While many people have suspected for decades that low dose exposures to a wide range of chemicals that we encounter every day (e.g., pesticides, food additives, chemicals in cosmetics, chemicals in personal care products etc) have a role to play in cancer causation, this has been very difficult to prove. So many cancer charities and cancer prevention organizations have shifted their messaging, and are now focused on the contribution of “lifestyle” factors instead. However, the state of cancer science has evolved rapidly and, in hindsight, we can now see that there are gaping holes in the assumptions that led some to dismiss the relevance of these exposures.
This section of our website explains the importance of this issue:
Environmental Exposures : Learn how everyday exposures to combinations of disruptive, but otherwise non-carcinogenic, environmental chemicals can act in concert with one another to cause cancer
International Workshop : It is our intention to identify environmentally-minded NGOs and scientists that have an interest in the role that chemical exposures play in cancer causation and recruit them to help us build support for progressive regulatory change in countries where change is possible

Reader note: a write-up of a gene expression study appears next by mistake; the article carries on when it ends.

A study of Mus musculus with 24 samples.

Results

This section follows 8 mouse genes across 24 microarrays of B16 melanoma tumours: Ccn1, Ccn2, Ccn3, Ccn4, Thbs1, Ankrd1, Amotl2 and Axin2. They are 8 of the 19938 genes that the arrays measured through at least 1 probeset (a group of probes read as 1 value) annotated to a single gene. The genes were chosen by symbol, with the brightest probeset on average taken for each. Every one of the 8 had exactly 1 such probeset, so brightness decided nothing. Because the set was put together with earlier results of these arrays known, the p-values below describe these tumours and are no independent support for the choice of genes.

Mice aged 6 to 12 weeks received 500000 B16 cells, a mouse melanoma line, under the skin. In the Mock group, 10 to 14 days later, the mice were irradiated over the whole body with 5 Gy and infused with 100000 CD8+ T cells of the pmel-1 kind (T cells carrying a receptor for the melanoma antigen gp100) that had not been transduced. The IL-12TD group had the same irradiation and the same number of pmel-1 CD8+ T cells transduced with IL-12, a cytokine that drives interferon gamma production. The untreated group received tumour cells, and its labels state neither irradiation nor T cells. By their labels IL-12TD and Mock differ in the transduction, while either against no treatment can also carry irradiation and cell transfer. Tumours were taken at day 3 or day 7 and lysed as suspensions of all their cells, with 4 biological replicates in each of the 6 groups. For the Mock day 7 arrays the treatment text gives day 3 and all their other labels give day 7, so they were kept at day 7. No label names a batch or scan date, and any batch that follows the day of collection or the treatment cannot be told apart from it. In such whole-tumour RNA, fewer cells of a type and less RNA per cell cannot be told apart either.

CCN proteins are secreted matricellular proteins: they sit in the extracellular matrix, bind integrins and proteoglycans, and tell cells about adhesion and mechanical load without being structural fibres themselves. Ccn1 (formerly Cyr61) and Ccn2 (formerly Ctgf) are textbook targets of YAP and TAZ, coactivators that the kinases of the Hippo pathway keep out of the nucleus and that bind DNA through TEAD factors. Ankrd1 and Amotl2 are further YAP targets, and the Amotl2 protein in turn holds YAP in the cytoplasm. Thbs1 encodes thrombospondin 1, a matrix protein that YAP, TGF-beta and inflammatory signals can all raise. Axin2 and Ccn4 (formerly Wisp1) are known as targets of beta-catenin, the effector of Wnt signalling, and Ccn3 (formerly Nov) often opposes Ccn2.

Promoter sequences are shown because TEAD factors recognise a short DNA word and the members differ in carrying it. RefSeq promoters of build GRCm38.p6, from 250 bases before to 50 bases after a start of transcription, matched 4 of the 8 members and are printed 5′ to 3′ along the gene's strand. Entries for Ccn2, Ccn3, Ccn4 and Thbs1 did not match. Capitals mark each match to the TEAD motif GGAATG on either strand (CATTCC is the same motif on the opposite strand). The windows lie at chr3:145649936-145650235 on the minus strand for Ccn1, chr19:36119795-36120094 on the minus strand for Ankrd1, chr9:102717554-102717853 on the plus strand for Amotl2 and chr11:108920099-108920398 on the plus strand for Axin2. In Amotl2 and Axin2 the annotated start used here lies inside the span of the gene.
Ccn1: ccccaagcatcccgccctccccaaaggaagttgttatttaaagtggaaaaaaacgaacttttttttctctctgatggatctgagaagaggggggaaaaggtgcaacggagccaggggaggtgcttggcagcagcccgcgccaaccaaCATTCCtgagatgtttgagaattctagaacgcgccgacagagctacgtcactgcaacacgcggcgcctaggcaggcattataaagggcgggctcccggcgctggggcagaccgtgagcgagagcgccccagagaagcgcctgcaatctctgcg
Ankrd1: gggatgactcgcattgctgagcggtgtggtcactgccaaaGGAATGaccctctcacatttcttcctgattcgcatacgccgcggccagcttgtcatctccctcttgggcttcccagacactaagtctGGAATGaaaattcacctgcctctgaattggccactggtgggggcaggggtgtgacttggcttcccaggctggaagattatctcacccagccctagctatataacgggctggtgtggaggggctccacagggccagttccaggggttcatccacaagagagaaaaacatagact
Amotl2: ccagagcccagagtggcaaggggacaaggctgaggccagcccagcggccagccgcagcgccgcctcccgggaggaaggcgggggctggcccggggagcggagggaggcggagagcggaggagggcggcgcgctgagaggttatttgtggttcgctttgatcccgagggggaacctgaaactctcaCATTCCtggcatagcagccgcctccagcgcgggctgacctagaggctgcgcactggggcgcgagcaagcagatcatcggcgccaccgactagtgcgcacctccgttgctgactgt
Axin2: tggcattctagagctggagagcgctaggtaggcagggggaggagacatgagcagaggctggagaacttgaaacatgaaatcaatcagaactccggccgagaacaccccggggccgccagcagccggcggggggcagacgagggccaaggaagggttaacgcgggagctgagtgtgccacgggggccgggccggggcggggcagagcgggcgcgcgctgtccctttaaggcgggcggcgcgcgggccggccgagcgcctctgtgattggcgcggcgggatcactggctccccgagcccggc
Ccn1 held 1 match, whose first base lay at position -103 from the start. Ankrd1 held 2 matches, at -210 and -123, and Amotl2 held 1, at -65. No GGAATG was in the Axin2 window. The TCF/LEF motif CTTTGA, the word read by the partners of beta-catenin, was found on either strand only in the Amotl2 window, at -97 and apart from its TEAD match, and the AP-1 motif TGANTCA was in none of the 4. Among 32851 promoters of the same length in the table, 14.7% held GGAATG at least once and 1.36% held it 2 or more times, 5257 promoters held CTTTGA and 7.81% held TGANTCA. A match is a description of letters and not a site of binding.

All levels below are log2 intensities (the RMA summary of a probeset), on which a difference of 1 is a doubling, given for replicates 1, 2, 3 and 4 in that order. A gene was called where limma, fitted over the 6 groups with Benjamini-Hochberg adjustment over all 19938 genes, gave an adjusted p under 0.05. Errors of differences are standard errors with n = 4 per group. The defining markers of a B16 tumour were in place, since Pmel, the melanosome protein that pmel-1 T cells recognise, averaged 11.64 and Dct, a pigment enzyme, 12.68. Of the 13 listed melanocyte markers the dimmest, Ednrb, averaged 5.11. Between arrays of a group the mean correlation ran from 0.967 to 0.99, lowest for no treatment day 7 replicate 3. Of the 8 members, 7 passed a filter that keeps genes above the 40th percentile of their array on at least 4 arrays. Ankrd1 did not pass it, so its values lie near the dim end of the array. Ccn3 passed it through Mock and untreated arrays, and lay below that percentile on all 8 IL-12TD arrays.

White Paper : See a recent practical example that illustrates the seriousness of this problem and learn how it applies to everyday living.
In sum, we plan to work with scientists, NGOs and progressive regulatory agencies around the globe to inspire funding and instigate research and regulatory change to address the fact that many environmental chemicals/agents that are not pure carcinogens may still have an important role to play in cancer causation. It is our opinion that there is need for the adoption of a more progressive framework that assesses the degree to which aggregate chemical exposures are contributing to the enablement of each of the hallmarks of cancer. So we intend to ensure our environmental stewardship practices improve and plan to instigate progressive regulatory change to achieve this goal.